Designer Vicente Wolf: An Interview

Vicente Wolf has designed royal homes, Las Vegas restaurants, apartment buildings, and retail stores around the world. He has authored several books featuring his projects and design methods, including his most recent release, The Four Elements of Design: Interiors Inspired by Earth, Water, Air and FireMr. Wolf has over 35 years of design experience, and has created and designed collections for several companies including Baccarat, Ralph Pucci, and his namesake company, VW Home. I sat down with Mr. Wolf to discuss his interior decorating style, advice, and what he sees for the future of interior design.

NCFA: Describe your design style.

VW: I like spaces that are centered on clean architecture, whether that's traditional or modern. I admire the straight lines of Palladian architecture. There has to be a sense of balance, of scale. I can then play off of that by blending periods and cultures, using some midcentury pieces and some personally designed pieces to create an environment that travels well through time.

NCFA: Do you have any cardinal rules when it comes to design?

VW: I don't. Each situation is different. If you want to hang your curtain four inches off the ground, I'll tell you it doesn't look right, but each individual project starts from zero. It's about what you feel is a creative solution. I work from my gut - what seems to be right to me, what feels right to me.

NCFA: What are your recommendations for people interested in redecorating?

VW: Look at the professionals and see who's doing something you like. Contact that person and tell them your budget, limitations, and goals. It's always worth it to hire a professional.

NCFA: Can you tell me a little bit about your new book, The Four Elements of Design?

VW: I think most people, when they're trying to discover what their point of view is, will just tear pages out of magazines. This book is for consumers as well as designers, and it's all about the idea of trying to discover your own aura or essence. For myself, I've been very successful in dealing with the four elements. You don't have to be 100% of any one thing, but if you love drama and intensity and color, that speaks to me about what fire is. Once you can say, "Yes, I'm earthy - I like things that are tied to the ground, like taupes and browns, engulfing colors with a natural quality," then you have an idea of what direction to follow. 

You might see something in a magazine that you love because it’s dramatic or appealing, but it’s not really who you are. Your home should reflect your taste - not someone else’s.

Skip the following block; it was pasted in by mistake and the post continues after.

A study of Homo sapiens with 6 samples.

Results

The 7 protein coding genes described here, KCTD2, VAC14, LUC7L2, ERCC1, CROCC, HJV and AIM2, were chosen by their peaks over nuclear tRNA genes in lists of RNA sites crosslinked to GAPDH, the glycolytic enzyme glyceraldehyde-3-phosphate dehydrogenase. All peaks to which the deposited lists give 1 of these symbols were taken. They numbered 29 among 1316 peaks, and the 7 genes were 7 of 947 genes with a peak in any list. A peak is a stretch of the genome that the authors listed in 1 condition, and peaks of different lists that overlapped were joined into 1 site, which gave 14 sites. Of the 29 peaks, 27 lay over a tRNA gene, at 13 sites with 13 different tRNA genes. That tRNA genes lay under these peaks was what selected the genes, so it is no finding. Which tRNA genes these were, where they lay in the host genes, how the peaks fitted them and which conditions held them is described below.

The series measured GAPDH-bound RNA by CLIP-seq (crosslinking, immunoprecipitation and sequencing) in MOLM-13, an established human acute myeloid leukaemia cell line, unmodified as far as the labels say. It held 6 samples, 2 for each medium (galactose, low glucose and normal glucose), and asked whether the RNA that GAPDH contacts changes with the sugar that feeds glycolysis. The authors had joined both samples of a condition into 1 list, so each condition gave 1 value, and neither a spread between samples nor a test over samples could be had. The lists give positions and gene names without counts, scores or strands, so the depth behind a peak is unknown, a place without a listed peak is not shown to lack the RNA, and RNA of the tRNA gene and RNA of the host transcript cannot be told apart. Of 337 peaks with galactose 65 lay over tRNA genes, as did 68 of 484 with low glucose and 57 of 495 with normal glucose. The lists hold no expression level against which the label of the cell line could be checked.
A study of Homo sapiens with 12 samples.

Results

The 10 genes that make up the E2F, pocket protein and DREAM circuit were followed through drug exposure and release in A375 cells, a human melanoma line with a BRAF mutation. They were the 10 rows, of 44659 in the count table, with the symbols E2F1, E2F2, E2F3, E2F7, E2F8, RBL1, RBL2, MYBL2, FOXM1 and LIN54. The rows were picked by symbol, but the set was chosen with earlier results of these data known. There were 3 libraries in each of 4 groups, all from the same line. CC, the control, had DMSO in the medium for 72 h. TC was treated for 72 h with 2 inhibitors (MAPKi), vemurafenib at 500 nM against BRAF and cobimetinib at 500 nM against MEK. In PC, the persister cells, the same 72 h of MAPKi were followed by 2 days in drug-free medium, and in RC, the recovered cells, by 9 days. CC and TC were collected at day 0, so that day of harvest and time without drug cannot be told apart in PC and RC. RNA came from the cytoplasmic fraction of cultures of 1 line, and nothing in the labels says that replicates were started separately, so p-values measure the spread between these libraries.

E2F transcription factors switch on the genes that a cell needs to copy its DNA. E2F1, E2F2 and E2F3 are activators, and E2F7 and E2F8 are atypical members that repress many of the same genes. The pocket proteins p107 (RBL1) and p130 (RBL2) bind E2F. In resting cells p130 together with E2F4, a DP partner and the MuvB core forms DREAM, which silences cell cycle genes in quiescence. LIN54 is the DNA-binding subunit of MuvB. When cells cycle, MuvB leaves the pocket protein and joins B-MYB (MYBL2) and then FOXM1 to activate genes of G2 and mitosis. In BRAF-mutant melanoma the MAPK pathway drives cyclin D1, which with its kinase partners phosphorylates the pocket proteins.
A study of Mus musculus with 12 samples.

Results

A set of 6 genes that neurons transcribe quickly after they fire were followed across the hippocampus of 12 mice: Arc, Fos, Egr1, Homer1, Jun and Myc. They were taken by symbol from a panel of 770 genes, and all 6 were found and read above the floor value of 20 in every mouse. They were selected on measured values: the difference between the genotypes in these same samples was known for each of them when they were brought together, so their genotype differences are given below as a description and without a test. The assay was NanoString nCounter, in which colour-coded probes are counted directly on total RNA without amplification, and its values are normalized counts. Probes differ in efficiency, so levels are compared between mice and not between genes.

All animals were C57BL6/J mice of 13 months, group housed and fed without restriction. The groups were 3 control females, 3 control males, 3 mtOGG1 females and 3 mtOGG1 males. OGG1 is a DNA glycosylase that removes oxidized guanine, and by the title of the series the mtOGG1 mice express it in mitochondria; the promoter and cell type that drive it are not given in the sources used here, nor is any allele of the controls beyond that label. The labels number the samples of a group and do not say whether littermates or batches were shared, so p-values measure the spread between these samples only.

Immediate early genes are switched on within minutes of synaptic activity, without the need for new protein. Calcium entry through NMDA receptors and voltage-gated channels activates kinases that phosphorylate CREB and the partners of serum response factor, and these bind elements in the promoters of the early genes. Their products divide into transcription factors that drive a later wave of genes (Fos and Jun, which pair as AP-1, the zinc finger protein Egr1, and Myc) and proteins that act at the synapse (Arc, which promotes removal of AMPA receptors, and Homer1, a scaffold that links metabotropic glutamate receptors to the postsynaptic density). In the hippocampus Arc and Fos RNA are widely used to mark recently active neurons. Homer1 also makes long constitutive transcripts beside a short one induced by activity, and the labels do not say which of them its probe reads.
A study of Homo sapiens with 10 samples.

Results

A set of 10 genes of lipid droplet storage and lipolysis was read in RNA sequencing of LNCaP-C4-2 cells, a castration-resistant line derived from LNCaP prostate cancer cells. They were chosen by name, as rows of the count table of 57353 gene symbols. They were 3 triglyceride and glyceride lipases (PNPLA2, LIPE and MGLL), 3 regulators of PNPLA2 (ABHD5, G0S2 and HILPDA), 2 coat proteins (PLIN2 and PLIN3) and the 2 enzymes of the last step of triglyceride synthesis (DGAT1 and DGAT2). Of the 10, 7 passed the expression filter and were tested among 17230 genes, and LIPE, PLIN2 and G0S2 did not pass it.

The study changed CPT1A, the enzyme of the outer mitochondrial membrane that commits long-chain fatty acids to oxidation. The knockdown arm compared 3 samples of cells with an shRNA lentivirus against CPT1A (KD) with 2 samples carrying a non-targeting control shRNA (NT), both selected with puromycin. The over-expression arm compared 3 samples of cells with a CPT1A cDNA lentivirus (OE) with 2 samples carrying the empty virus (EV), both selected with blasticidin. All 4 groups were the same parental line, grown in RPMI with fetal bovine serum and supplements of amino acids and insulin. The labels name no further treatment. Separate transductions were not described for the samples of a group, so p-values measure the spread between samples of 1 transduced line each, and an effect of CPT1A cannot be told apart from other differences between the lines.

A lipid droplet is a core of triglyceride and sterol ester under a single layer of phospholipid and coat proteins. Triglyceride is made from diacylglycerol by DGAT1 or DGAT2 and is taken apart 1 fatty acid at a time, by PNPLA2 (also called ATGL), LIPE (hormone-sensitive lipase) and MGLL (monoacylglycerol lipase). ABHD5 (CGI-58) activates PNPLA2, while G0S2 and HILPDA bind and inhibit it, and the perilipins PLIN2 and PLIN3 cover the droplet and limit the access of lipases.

— Vicente Wolf

NCFA: You've designed several collections for Baccarat, VW Home, Ralph Pucci, and Restoration Hardware, among others. Do you have a favorite?

VW: I loved the pieces I did for Baccarat. They were modern, but they still had a twist to them. And the pieces I've designed for Henredon are still being sold today. They influenced a lot of manufacturers in High Point, who present designs based off what I did there.

NCFA: You get your design ideas from your travels all over the world. What would you say is a must-see destination for design inspiration?

VW: For me, it's Southeast Asia. I'm always looking for the places most people don't go to. I like to discover places that aren't necessarily popular. In that, I can see the real essence of that country. I look not for what I'm accustomed to, but what piques my eye. I just came back from the Himalayas, and in December I'm going back to Sri Lanka. I'll travel to Hong Kong next month. Every year I go to Indonesia, Thailand, and Hong Kong to find inspiration for VW Home

NCFA: When you work with a client like Clive Davis or Steve Wynn, what is your process? Do you present your ideas in stages?

VW: I'm not a shopper; I'm a designer. I don't talk about this specific couch or that particular lamp. First, I find out their likes and dislikes, how they live, their requirements and the emotions that they want in the space. Then, like a painter, I create a portrait of who they are.

I only present one concept. Creating an environment isn't about the individual; it's about designing the entire space. You present a complete idea and a total concept rather than individual items. They're approving a concept and an idea rather than certain products.

NCFA: What trends have you noticed lately?

VW: We're not in a period in the world, economy, or politics that really opens us up for many trends. I think the trend right now is comfort, security, and protection. People want to relax. I think new trends open up and things start changing when society is feeling more secure, and we're not there now.

NCFA: What are your plans for the immediate future?

VW: Just working. Gardening in the summer, going to the beach. Making sure I'm as creative as possible with every project that I get.